As earthquakes continue to occur on a daily basis in the central U.S.—with nearly 2,000 small tremors per year—CUSEC and emergency management officials in our Member States remind citizens and communities about the earthquake risk by designating February as Earthquake Awareness Month.
During the month of February, CUSEC will be involved with several events (listed below) intended to educate the public, private sector, first responders, and government officials. Due to ongoing concerns about the COVID-19 pandemic, the events will be taking place online. Earthquake Awareness Month events scheduled for February 2021 include:
February 11 – Missouri Seismic Safety Commission Meeting
February 11 – CUSEC Board of Directors Meeting
February 12 – Tennessee SAVE Coalition Board Meeting
February 16 – Webinar: Missouri SAVE Coalition Overview
February 17 – Webinar: Tennessee SAVE Coalition Overview
February 18 – Webinar: Arkansas INSPARK Program Overview
February 23-24 – EPA Water & Wastewater Earthquake Resilience Webinars
February 25 – Webinar: Using New Technologies for Earthquake Resilience
Also, February 7 is the anniversary of the last of the earthquakes that struck the central U.S. in the winter of 1811-12. According to the US Geological Survey:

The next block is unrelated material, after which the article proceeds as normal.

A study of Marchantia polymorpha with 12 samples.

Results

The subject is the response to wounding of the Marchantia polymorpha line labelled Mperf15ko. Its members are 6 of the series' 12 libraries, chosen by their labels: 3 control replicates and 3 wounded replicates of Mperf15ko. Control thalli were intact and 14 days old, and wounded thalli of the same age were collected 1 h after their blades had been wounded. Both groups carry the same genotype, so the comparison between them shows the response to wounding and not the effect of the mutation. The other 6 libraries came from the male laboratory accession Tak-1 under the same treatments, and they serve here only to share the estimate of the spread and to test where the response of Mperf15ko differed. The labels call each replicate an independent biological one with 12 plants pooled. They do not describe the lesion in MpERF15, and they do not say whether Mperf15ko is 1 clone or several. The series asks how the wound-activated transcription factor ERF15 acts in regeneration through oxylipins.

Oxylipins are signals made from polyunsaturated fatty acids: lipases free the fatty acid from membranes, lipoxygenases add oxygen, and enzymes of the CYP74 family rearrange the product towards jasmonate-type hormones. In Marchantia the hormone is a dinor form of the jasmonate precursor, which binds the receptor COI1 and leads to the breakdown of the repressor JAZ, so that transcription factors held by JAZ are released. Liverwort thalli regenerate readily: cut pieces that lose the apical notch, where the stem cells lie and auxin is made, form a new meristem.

This sequence of three very large earthquakes is usually referred to as the New Madrid earthquakes, after the Missouri town that was the largest settlement on the Mississippi River between St. Louis, Missouri and Natchez, Mississippi. On the basis of the large area of damage (600,000 square kilometers), the widespread area of perceptibility (5,000,000 square kilometers), and the complex physiographic changes that occurred, the New Madrid earthquakes of 1811-1812 rank as some of the largest in the United States since its settlement by Europeans.
While scientists say that there is a 7-10% probability of a re-occurrence of the 1811-12 earthquakes within any 50-year window, they also estimate that there is a 25-40% probability of a M6.0 or greater earthquake occurring in the central U.S. within the same period of time. About 200 earthquakes occur in the central U.S. every year-many of which go unnoticed. And while the primary focus remains on the NMSZ , it is not the only area of concern. Earthquakes are also occurring along the Wabash Valley and East Tennessee Seismic Zones and in Oklahoma, Kansas, Ohio, and Texas.